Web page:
Favourite landscape books of the year
One of the most important things I have learned as an artist is the importance of really seeing what I'm looking at. This may sound obvious, but so often when we look at something we don't really 'see' it, or not in the way that would help us record what we are experiencing with our own unique perspective. We all see differently of course, and I'm recommending the first two books here because of the ways either the writer, or the artists written about have such different ways of recording what they see in a unique way.
The non-fiction book I have most enjoyed reading recently is Nan Shepherd's slim volume The Living Mountain, written in the 1940s, but not published until 1977. The edition here was published in 2014 by Canongate Books so has added material in the form of an Introduction by Robert Macfarlane and an Afterword by Jeanette Winterson.
It is not, strictly speaking, a book about landscape, but about a place Nan Shepherd loved, the Cairngorm mountains. I've never read such beautiful and unusual descriptions - she truly was someone who looked, and really saw - but even better, had an astonishing ability to record her experiences, visual and otherwise, in the most vivid way. My advice is to read the book backwards: Afterword, then Shepherd's own words, then the Introduction - but then I read magazines backwards, so you may disagree!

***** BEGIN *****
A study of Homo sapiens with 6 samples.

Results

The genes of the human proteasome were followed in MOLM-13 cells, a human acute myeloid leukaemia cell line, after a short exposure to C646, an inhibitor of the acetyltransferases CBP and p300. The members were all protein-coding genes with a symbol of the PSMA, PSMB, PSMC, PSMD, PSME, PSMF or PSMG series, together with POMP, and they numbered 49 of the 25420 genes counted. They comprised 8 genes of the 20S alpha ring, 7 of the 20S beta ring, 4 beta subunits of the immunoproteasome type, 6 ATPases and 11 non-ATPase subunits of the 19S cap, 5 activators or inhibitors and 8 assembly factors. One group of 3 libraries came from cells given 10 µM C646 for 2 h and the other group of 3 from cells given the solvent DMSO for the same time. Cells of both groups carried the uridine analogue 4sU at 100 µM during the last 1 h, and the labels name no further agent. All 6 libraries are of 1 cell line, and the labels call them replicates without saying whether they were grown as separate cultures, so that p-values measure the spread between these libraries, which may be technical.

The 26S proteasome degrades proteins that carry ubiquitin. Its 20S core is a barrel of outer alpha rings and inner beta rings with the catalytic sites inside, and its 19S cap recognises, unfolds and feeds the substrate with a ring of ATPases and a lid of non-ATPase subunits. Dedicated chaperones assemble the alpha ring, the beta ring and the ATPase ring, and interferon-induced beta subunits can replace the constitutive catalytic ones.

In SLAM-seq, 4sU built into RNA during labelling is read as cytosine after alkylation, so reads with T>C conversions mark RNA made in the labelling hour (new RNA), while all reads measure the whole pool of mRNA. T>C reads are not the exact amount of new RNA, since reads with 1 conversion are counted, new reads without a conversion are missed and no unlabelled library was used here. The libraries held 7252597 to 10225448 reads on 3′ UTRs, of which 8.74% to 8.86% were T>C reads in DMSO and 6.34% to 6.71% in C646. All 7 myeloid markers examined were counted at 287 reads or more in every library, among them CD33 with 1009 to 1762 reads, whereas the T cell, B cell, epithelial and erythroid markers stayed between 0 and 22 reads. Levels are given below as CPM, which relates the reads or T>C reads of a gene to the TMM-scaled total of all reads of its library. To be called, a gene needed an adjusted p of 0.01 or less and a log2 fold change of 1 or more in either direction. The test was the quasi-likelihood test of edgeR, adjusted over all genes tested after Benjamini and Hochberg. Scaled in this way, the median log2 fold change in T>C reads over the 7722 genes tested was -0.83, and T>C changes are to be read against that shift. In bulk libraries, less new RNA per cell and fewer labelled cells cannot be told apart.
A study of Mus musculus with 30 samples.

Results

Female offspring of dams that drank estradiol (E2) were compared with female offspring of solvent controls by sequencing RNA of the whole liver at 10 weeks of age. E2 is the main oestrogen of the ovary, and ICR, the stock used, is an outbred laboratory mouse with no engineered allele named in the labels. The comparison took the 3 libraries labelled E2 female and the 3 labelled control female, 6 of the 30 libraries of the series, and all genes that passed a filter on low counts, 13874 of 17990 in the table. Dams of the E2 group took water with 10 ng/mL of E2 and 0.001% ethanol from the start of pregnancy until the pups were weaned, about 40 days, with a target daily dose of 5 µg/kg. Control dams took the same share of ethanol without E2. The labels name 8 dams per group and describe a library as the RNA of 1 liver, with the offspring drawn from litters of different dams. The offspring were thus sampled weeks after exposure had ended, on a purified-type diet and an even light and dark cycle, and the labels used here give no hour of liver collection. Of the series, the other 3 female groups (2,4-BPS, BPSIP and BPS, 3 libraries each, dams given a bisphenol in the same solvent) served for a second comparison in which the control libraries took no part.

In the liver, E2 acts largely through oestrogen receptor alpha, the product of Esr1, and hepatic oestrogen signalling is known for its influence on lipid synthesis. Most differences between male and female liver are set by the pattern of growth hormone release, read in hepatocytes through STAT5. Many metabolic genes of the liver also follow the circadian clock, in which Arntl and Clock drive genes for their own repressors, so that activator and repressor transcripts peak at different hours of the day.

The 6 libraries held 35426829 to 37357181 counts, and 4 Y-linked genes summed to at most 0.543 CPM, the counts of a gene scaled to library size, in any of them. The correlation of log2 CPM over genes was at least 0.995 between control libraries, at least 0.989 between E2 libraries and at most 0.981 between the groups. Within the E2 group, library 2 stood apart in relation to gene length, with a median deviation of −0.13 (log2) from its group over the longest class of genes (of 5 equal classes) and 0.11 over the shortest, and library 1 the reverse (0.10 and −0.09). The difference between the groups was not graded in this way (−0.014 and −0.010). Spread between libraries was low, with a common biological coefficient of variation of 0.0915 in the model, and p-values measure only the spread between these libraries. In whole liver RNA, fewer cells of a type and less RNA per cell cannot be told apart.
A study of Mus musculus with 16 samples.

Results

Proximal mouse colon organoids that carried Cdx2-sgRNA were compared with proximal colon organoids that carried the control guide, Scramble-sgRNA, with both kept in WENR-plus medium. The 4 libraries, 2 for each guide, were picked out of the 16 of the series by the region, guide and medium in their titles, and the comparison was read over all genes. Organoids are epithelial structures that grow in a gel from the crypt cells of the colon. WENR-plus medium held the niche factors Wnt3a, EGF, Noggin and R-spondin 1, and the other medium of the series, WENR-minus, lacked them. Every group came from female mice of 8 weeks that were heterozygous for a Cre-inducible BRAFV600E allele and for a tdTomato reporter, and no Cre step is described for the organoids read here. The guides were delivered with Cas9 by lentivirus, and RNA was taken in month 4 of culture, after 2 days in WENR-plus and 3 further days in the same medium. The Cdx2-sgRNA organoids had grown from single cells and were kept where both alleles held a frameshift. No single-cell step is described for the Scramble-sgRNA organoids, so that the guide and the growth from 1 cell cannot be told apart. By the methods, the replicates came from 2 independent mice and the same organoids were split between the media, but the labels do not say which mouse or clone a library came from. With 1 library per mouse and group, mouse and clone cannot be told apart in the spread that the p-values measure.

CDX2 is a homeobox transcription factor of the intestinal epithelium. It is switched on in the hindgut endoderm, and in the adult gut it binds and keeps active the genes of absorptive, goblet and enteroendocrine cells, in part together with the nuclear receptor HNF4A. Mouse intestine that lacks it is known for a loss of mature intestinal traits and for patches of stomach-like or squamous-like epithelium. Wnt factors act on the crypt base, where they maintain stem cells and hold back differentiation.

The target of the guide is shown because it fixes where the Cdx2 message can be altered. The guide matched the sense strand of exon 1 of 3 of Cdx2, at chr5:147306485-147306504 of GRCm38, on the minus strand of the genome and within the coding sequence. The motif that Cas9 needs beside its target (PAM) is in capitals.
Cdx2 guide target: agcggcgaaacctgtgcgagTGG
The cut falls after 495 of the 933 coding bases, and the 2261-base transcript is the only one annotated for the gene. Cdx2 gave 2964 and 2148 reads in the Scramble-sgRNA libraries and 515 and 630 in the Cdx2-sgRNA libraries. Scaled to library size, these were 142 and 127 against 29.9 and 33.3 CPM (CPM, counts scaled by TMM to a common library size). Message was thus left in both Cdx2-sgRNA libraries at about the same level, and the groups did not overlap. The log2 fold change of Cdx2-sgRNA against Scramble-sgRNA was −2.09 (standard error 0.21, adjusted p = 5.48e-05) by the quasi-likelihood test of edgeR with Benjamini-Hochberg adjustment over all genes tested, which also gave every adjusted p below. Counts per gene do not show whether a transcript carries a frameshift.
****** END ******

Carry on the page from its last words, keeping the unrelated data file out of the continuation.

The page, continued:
Second on my short list of favourite books of the last year is also not a new title. Unquiet Landscape by Chrisopher Neve was first published in 1990, but this paperback edition was published in 2020 by Thames & Hudson. What makes this book so enjoyable is that Neve's wonderful insights into the 20th century artists he profiles originate in large part from the fact that he knew, or met and talked with many of them or those close to them. I have re-read the section on Ivon Hitchens a few times as his working practice was so fascinating. Among the other artists covered are Paul Nash, Eric Ravilius, Graham Sutherland, Winifred Nicholson, Stanley Spencer, Ben Nicholson. Also, Neve's prose is a delight.
Finally Susan Owens's Spirit of Place presents a wide-ranging study of the British landscape as it has been presented to us by artists and writers from the 6th century (Gildas) up to the 21st. Chapter headings include 'Mystery', 'Reflection', 'Discovery', there are many notes and a long list for further reading. This book is informative and interesting, with many wonderful observations and insights from the author.
I should say that I have listed the books here in order of the enjoyment that I had in reading them.